As we approach May 25th and the implementation of GDPR, organizations are frantically scrambling to entice users to 'opt in', providing what they perceive to be persuasive value propositions to get hold of the data many marketers have relied heavily on in recent years.
This has been a challenge some have risen to and some have not. As we speak, your inbox is likely filling up with a number of creative calls to opt-in, and some that can politely be described as not so creative. However, one thing nobody needed - not matter how good their efforts may be - was a major scandal around the handling of private data to further deter consumers from doing anything involving sharing their personal information.
Unfortunately, this is what we have got. The Cambridge Analytica revelations are terrible for a number of reasons, not least in their vulgar attempts to influence elections. The thrust of the issue for many, however, is what it has shown the reckless abandon with which companies have handled our personal information. As Alex Hern wrote in the Guardian, "people are also beginning to look up, as if from a daydream, to ask: how exactly did we end up in this situation? Why did we give up our privacy so willingly? And how can we get it back?"
This is a problem that GDPR was designed to solve, and it may well do. The issue is that the majority of people don't know it exists. Cantor TNS’ GDPR Awareness Index found that just 34% of consumers knew what it was when polled in February (unchanged from the month before), and most can't really be bothered to find out. Data protection regulations aren't exactly sexy reading material, and while those who do take the time to read about it may be somewhat reassured, those who don't, won't.
This is a major problem if we are going to get people to opt in. They need to know why they are having to do it or it will end up confusing and will be ignored, regardless of the value proposition being offered to them. At a recent GDPR conference at the London Data Festival, one of the speakers described how he had been drip feeding surveys and games to get people to sign up and give you data. This is great, but if everyone is doing that, it snowballs. How long is it before people get opt-in fatigue, particularly if they don't really know why they are doing it?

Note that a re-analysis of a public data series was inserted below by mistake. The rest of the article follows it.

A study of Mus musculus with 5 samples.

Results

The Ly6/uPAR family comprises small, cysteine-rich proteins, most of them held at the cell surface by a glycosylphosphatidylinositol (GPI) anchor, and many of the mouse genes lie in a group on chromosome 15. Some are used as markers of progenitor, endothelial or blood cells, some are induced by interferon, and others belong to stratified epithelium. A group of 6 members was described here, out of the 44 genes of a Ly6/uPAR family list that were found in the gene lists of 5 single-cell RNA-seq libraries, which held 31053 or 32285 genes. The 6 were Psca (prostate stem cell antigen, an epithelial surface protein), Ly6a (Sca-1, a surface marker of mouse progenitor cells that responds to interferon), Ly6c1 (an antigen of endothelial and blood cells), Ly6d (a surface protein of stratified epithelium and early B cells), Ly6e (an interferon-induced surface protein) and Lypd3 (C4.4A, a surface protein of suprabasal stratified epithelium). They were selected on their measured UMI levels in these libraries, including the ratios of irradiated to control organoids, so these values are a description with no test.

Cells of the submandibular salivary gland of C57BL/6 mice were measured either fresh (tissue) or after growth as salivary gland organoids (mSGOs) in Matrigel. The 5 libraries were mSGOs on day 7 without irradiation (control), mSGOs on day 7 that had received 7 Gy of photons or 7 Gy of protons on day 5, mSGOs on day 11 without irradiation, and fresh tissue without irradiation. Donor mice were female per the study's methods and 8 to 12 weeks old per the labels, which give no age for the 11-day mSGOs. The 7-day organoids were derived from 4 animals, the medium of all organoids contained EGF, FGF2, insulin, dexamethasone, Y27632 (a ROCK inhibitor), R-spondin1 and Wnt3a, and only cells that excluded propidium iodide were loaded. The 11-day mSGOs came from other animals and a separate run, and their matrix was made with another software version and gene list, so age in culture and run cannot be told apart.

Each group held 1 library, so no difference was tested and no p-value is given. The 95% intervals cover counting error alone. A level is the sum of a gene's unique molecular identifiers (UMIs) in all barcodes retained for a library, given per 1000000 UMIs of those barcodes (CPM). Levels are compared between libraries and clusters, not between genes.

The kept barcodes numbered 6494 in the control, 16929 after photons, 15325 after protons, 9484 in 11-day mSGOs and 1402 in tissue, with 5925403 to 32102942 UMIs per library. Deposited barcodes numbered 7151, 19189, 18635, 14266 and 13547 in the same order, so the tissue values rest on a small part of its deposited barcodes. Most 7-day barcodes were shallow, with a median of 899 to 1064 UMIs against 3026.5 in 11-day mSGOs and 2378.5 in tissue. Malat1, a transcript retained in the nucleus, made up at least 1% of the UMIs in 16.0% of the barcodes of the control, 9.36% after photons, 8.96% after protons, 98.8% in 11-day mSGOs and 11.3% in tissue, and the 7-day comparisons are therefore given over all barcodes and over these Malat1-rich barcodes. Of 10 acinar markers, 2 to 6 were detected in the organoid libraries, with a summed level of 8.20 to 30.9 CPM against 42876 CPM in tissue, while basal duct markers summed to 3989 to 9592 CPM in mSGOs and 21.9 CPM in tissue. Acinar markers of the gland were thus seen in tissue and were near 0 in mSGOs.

The idea that we offer a value exchange still holds water, and it is still one of the only real tools in a marketer's arsenal. In an interview with us last year, Tamara Gruzbarg, Senior Vice President of Data, Analytics and Business Information at Time Inc acknowledged that, "Public perception of data collection is generally negative, how can we change this in the future? We have to develop a culture of recognizing the customer as a key client of our data services: how do we improve our customers’ lives by collecting the data? How do we relay this value to them?" And she is correct. But the amount of value you have to offer goes up dramatically when trust decreases. At what point do we acknowledge that what we offering in exchange for data isn't worth it? And if no-one really knows why you're doing it, what will they care?
Organizations are in the strange position now when it comes to GDPR. They have to educate their audience about regulations that exist to give them the option to stop being a member of it. Amir Malik, Digital Marketing Lead for Accenture, recently noted that that, “The Channel 4 sting operation [on the Cambridge Analytica data breach] reveals more about the apathy data processors have toward their research subjects and the data commodity and the [consequent] risk to data controllers, who are not ring-fencing sensitive data from such bad actors." He believes that, "GDPR and ePrivacy will gain more momentum and credibility in the wake of this scandal.” This could end up help companies who need users to understand their GDPR offers, but it will need to happen quickly. Right now, all organizations should now need to be data privacy activists.